Whether today's Icelanders are descended strictly from those Vikings who brought rape and pillage to seaside Britain 1,300 years ago may be debatable.
But they have the same acquisitive instincts, only matched nowadays with a gift for securing the agreement of their prey.
Still, why Iceland? This nation or 280,000 people has produced Baugur, the present bidder for Somerfield and already owner of Big Food --parent, to confuse matters, of Iceland - Hamleys, Goldsmiths and Oasis. Now Bakkavor looks poised to land Geest, a fish distinctly larger than itself.
One answer lies in the zest of Birmingham's professionals and financiers - and their lack of footballing prowess.
Back in 2001, Guy Green, a partner in Eversheds, acted for Wine & Dine, a maker of dips and sauces in the Jewellery Quarter, when Bakkavor was negotiating to buy it. Now Bakkavor (Birmingham), this was the Icelanders' first venture into the UK.
A year later they set their sights on a larger target, Katsouris Foods, a Wembley maker of taramasalata, and asked Mr Green to act for them. In the course of that deal, he introduced the Bank of Scotland, the Royal Bank and HSBC, all in Birmingham.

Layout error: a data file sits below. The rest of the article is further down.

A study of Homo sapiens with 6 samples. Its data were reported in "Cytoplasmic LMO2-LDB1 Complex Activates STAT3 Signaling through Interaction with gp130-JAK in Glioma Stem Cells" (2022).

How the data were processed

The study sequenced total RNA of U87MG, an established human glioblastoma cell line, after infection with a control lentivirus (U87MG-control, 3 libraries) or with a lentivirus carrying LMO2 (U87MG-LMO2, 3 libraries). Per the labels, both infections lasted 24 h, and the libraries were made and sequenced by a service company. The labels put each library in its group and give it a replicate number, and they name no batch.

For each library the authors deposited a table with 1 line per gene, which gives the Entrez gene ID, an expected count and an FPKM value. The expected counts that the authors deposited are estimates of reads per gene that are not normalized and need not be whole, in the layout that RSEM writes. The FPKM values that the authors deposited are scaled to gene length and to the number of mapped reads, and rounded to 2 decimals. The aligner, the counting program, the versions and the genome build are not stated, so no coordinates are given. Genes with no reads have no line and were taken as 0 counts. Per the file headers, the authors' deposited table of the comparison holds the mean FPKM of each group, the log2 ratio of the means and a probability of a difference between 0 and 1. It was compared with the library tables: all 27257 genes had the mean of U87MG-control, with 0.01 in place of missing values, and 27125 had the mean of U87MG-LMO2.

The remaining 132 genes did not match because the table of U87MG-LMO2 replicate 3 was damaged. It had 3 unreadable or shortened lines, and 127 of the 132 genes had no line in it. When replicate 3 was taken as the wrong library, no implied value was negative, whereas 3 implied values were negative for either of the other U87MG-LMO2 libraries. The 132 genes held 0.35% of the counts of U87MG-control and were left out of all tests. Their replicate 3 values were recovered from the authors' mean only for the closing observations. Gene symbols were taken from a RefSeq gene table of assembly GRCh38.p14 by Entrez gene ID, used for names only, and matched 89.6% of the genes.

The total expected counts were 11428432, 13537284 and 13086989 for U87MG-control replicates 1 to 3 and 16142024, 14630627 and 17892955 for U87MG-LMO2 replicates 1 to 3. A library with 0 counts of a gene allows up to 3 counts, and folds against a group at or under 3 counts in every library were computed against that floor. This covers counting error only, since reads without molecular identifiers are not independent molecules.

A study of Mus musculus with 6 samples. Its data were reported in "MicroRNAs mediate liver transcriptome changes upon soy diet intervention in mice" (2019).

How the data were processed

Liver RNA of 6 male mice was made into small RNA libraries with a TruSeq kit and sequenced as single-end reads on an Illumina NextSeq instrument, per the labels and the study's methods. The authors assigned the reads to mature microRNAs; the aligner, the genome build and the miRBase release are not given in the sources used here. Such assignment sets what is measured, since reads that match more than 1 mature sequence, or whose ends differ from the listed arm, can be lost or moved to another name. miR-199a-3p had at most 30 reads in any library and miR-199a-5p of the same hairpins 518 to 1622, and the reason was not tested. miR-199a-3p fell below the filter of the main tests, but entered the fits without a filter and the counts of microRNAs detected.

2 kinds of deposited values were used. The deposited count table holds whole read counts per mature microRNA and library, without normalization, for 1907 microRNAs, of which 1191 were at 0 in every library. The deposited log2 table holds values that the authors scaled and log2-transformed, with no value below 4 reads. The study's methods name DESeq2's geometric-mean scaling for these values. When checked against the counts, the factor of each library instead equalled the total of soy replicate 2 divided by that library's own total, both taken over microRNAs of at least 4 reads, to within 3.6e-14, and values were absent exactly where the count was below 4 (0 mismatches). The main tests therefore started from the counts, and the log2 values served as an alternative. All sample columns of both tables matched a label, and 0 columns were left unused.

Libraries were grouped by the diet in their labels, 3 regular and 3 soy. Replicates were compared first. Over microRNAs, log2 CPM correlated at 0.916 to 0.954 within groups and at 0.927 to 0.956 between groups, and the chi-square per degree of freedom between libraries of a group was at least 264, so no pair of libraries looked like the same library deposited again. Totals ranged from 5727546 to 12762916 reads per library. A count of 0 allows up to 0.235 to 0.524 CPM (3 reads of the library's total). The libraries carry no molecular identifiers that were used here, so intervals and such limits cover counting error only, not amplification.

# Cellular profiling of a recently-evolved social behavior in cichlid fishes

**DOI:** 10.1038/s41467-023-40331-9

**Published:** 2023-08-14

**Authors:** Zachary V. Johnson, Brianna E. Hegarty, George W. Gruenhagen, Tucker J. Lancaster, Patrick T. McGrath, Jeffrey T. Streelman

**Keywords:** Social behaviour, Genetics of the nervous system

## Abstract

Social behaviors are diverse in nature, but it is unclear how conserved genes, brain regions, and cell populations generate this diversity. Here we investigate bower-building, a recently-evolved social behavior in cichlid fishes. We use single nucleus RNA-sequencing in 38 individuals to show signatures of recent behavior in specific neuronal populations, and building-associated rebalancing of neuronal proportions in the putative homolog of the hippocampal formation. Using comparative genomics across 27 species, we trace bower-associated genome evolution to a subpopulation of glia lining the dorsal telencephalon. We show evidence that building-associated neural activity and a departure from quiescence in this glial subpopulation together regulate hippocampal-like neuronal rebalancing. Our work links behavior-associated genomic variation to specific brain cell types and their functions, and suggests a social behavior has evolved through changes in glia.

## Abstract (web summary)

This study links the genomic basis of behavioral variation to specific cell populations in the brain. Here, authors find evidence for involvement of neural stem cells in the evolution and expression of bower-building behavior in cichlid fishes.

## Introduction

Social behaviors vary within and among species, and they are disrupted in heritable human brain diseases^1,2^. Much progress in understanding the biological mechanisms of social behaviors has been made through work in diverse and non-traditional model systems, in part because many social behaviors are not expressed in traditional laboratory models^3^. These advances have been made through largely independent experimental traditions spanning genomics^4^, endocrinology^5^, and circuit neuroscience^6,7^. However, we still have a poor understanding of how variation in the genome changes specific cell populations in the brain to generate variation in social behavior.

He also got to know and like people at both the Icelandic investment bank Kaupthing and Baugur, the ambitious retailer. In Birmingham, the network widened to include Andy Manders at KPMG and David Beach at Heatons, who worked on Baugur's purchase of Oasis.
Mr Green advised on its purchase of Goldsmiths. In the meantime, Ben Bolt and Richard Evans of Deloittes were working for Bakkavor.
Now comes the football. In the course of all this, Mr Green encountered agreeable individuals at two Iceland pension funds. On behalf of Birmingham's corporate financial community, he challenged them to a match.
So two years ago a squad of 18 Birmingham finance professionals went to Reykjavik only to be beaten 6-1 by their Icelandic opposite numbers. The Vikings' feel-good was enhanced still further last year when they won a return fixture 2-0 in Birmingham.
That is how the wheels of international high finance turn, and the way Birmingham's professionals go global. We are going to see more of it.